Michael Stevenson: Serene Velocity In Practice, MC510/CS183

MICHAEL STEVENSON,  Serene Velocity in Practice: MC510/CS183,  2017, mixed media, dimensions variable, commissioned by the Auckland Art Gallery Toi o Tāmaki, with commissioning partners Biennale of Sydney 2018 and Monash University Museum of Art, Melbourne. Courtesy Auckland Art Gallery Toi o Tāmaki.

MICHAEL STEVENSON, Serene Velocity in Practice: MC510/CS183, 2017, mixed media, dimensions variable, commissioned by the Auckland Art Gallery Toi o Tāmaki, with commissioning partners Biennale of Sydney 2018 and Monash University Museum of Art, Melbourne. Courtesy Auckland Art Gallery Toi o Tāmaki.

PUBLISHED IN:
ArtAsiaPacific Magazine
Online Review
19 January 2018

“Are all founders criminals of one sort or another?” notes a student who attended the Stanford University elective CS183, taught by Peter Thiel, the famed PayPal co-founder and supporter of Donald J. Trump. This sentiment resonates with Michael Stevenson’s new installation Serene Velocity in Practice: MC510/CS183 (2017) on exhibition at Auckland Art Gallery Toi o Tāmaki. In this showcase, the New Zealand-born, Berlin-based artist takes Thiel’s class and the fallout of innovation as its central focus. For Stevenson’s presentation, the gallery’s entire second floor was gutted of temporary walls, exposing a rough patchwork of plaster and paint from previous shows. This provided a warehouse-like environment to foreground his construction, consisting entirely of repurposed objects, which form two partitioned spaces conjoined by a roof-covered corridor.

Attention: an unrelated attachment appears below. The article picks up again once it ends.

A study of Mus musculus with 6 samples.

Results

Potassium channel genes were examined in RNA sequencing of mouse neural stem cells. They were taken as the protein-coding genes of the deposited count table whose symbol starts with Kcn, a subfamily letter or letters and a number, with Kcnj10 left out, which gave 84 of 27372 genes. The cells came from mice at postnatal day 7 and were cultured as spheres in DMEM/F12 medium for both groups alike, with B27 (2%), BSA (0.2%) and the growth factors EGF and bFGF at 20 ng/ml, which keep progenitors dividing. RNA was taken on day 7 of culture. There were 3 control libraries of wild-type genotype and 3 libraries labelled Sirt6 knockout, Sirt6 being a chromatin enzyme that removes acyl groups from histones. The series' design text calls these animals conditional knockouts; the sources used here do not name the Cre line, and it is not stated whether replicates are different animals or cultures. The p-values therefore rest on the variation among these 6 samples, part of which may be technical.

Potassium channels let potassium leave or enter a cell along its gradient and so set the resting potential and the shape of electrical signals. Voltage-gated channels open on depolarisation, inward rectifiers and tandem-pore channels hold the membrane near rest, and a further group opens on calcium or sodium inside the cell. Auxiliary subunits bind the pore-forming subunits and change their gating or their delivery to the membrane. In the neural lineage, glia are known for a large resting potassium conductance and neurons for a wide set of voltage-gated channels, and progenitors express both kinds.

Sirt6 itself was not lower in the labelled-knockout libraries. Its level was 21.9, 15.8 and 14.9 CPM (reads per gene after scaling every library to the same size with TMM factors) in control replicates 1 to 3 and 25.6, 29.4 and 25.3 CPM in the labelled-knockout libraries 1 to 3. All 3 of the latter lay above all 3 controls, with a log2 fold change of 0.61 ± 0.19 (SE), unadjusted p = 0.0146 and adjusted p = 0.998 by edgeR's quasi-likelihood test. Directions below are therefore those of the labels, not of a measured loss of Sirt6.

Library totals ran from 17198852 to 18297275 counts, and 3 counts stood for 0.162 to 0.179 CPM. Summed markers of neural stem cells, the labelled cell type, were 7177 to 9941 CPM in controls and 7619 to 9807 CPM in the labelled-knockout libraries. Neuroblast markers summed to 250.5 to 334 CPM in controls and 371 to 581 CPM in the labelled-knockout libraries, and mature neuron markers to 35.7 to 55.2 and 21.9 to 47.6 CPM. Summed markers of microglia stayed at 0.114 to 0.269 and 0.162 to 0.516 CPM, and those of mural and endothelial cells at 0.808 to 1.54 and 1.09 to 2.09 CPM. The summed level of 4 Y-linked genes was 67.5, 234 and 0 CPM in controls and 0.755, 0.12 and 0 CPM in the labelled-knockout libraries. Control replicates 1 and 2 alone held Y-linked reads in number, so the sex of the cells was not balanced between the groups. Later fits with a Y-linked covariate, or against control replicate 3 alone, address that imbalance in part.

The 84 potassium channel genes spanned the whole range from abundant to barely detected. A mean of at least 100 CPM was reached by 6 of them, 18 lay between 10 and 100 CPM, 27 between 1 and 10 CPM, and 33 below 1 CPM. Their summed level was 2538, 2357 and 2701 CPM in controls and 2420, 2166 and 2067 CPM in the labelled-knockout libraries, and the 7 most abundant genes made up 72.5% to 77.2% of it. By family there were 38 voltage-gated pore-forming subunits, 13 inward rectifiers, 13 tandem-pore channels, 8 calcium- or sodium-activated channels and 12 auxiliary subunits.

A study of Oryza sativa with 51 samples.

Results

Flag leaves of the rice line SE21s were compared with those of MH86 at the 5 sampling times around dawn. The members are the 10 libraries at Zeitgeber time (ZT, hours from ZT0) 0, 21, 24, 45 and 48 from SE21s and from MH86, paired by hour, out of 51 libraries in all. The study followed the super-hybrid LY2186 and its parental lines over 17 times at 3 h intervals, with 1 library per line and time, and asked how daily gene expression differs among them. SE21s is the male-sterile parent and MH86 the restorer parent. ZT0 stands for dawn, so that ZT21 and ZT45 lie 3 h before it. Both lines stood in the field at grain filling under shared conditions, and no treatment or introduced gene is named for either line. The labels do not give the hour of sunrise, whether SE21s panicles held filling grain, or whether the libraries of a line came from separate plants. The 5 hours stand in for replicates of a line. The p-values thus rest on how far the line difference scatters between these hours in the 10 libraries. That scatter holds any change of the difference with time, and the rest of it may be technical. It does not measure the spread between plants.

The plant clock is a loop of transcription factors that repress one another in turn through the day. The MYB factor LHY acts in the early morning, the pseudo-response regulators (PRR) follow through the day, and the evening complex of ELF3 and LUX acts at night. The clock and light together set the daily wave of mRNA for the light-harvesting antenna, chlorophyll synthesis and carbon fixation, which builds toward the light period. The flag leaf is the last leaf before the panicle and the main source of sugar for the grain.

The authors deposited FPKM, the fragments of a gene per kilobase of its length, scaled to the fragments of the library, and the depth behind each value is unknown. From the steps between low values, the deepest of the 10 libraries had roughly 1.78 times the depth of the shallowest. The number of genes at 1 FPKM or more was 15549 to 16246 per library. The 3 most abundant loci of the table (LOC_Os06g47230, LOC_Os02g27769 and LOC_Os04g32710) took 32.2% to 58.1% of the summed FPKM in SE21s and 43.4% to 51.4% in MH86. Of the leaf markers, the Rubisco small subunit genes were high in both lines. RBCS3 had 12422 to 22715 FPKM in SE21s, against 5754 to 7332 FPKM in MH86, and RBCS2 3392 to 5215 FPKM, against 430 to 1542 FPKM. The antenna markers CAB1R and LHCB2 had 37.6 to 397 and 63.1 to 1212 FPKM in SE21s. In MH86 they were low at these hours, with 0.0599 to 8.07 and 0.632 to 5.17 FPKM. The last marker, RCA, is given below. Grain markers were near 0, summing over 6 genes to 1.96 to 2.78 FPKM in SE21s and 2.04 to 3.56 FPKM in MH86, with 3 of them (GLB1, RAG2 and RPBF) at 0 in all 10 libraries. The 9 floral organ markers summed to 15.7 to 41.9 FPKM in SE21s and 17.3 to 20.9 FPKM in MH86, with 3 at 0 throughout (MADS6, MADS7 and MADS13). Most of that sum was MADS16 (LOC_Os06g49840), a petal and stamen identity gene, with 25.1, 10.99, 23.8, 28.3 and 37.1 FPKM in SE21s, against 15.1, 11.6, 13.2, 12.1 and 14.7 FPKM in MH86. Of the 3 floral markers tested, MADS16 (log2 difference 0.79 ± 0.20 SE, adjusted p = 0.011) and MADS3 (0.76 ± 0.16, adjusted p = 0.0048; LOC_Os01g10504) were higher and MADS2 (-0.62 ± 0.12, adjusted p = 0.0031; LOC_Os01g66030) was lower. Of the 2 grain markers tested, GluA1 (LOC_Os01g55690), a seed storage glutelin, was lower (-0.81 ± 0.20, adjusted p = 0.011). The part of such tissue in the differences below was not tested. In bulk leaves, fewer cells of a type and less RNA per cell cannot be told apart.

The corridor and exhibition title reference Ernie Gehr’s acclaimed short film Serene Velocity (1970), which features a modernist university hallway that is animated by methodically executed, jumpy focal shifts, creating a sensation of undulating acceleration and retreat. The incessant perspective variations in Gehr’s film can be compared to the alternating pedagogical ideologies offered within Stevenson’s two interior spaces joined at opposite ends of the corridor. Each space resembles a type of classroom environment and is dedicated to now-defunct courses once offered by Californian educational institutions.